The compound used in place of BPA, a chemical thought to change neurological development in children, has been found to cause possibly worse damage to developing fetuses, a groundbreaking study has found.
Canadian researchers found that exposure to bisphenol-S caused even higher levels of abnormal growth surges of neurons in animal embryos than bisphenol-A, which sippy cup and baby bottle manufacturers dropped after studies showed harmful effects.
University of Calgary researchers suggest that all structurally similar bisphenol compounds now in use or considered for use by plastic manufacturers are unsafe, according to a report in the Washington Post.
Exposure to BPA and, apparently, BPS disrupts the prenatal cellular activity in zebra fish, which scientists use to study human brain development because of their 80 percent shared genes with humans. The result of the abnormal neural development appeared to cause hyperactivity, the study reports.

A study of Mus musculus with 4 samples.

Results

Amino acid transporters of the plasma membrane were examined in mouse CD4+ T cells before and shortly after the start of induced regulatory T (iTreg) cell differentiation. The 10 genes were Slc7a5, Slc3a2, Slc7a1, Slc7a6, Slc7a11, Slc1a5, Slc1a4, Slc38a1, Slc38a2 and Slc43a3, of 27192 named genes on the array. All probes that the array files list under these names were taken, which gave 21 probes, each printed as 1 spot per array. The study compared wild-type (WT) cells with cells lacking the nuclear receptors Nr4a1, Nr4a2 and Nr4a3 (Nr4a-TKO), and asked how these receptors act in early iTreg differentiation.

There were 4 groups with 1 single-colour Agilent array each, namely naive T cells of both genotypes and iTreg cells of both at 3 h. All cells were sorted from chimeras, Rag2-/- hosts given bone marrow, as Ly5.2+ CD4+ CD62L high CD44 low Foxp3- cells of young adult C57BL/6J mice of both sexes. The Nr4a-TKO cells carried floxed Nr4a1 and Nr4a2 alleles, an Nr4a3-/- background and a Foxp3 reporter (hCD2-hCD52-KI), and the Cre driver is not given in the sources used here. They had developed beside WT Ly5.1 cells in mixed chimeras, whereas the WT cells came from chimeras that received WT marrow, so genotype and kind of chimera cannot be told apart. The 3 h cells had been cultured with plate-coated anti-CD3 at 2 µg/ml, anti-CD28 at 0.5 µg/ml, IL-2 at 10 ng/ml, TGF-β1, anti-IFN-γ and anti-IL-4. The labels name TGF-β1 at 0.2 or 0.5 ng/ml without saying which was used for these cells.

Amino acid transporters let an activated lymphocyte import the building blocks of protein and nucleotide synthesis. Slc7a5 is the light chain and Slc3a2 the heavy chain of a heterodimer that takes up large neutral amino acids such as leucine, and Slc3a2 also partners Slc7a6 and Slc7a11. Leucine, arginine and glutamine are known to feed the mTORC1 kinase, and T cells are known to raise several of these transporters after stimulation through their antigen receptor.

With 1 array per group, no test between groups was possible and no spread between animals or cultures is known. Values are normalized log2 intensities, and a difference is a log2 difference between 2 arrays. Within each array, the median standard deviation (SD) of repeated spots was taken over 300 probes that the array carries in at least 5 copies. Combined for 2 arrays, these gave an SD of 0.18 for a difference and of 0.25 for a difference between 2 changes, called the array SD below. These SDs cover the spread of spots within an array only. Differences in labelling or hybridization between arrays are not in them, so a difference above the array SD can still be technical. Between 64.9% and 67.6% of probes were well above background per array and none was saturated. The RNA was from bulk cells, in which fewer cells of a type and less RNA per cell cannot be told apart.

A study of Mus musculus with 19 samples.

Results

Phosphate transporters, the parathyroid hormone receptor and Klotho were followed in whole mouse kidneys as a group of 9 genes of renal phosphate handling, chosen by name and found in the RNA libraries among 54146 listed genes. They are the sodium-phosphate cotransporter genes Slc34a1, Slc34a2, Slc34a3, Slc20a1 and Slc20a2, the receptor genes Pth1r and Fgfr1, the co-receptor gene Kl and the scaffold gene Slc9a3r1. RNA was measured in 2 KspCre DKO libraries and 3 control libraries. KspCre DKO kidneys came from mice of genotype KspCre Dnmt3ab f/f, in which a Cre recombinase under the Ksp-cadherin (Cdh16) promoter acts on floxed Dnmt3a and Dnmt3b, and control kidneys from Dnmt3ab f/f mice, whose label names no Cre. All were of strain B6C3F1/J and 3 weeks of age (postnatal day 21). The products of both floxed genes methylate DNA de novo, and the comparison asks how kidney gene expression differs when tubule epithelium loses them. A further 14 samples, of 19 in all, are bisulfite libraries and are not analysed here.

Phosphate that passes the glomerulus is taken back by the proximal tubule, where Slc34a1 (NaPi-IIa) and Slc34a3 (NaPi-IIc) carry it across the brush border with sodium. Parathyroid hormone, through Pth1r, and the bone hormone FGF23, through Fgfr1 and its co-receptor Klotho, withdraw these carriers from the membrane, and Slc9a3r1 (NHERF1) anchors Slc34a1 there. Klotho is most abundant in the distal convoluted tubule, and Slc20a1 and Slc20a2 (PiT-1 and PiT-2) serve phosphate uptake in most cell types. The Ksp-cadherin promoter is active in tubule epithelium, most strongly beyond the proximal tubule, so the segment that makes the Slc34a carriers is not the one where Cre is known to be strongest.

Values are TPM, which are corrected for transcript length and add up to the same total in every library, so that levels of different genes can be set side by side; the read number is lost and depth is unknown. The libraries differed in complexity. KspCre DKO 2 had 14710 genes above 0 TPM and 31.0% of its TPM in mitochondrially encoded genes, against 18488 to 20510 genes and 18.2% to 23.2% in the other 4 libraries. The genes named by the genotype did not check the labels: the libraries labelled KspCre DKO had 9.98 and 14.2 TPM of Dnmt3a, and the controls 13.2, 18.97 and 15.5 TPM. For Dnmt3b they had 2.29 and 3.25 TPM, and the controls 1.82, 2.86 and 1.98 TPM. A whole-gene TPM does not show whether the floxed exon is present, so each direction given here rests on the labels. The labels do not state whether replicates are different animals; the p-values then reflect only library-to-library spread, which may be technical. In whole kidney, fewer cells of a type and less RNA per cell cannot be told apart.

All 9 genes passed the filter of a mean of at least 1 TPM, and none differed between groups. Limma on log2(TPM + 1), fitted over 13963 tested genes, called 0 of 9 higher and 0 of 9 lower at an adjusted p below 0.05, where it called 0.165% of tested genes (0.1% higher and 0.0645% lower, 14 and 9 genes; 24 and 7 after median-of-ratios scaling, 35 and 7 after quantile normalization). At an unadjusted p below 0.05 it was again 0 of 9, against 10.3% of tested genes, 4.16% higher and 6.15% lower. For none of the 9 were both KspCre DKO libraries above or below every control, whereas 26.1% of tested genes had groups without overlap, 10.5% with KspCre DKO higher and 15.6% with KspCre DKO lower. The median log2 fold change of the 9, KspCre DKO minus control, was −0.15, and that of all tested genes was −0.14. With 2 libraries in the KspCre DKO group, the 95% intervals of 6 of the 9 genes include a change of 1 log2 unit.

Scientists analyzing the study's results said the observed abnormal growth of brain cells affected male hormones specifically, which may be one reason why there has been a four-fold increase for boys over girls diagnosed with brain disorders such as hyperactivity and autism.
The American Chemical Council, which continues to argue for the safety of BPA and BPS despite the findings, questions conclusions about humans derived from studies on fish, saying that humans can efficiently convert bisphenol-A and eliminate it from the body with no harmful effects.
The Centers for Disease Control and Prevention reports that the vast majority of Americans — 90 percent — show trace amounts of BPA in their bodies, and that BPA and BPS are ubiquitous. The former is found in everything from the lining of cans, plastic toys and lunch bags; the latter in products labeled "BPA-free," recycled paper and store receipts.
The studies findings were published this week in the Proceedings of the National Academy of Sciences.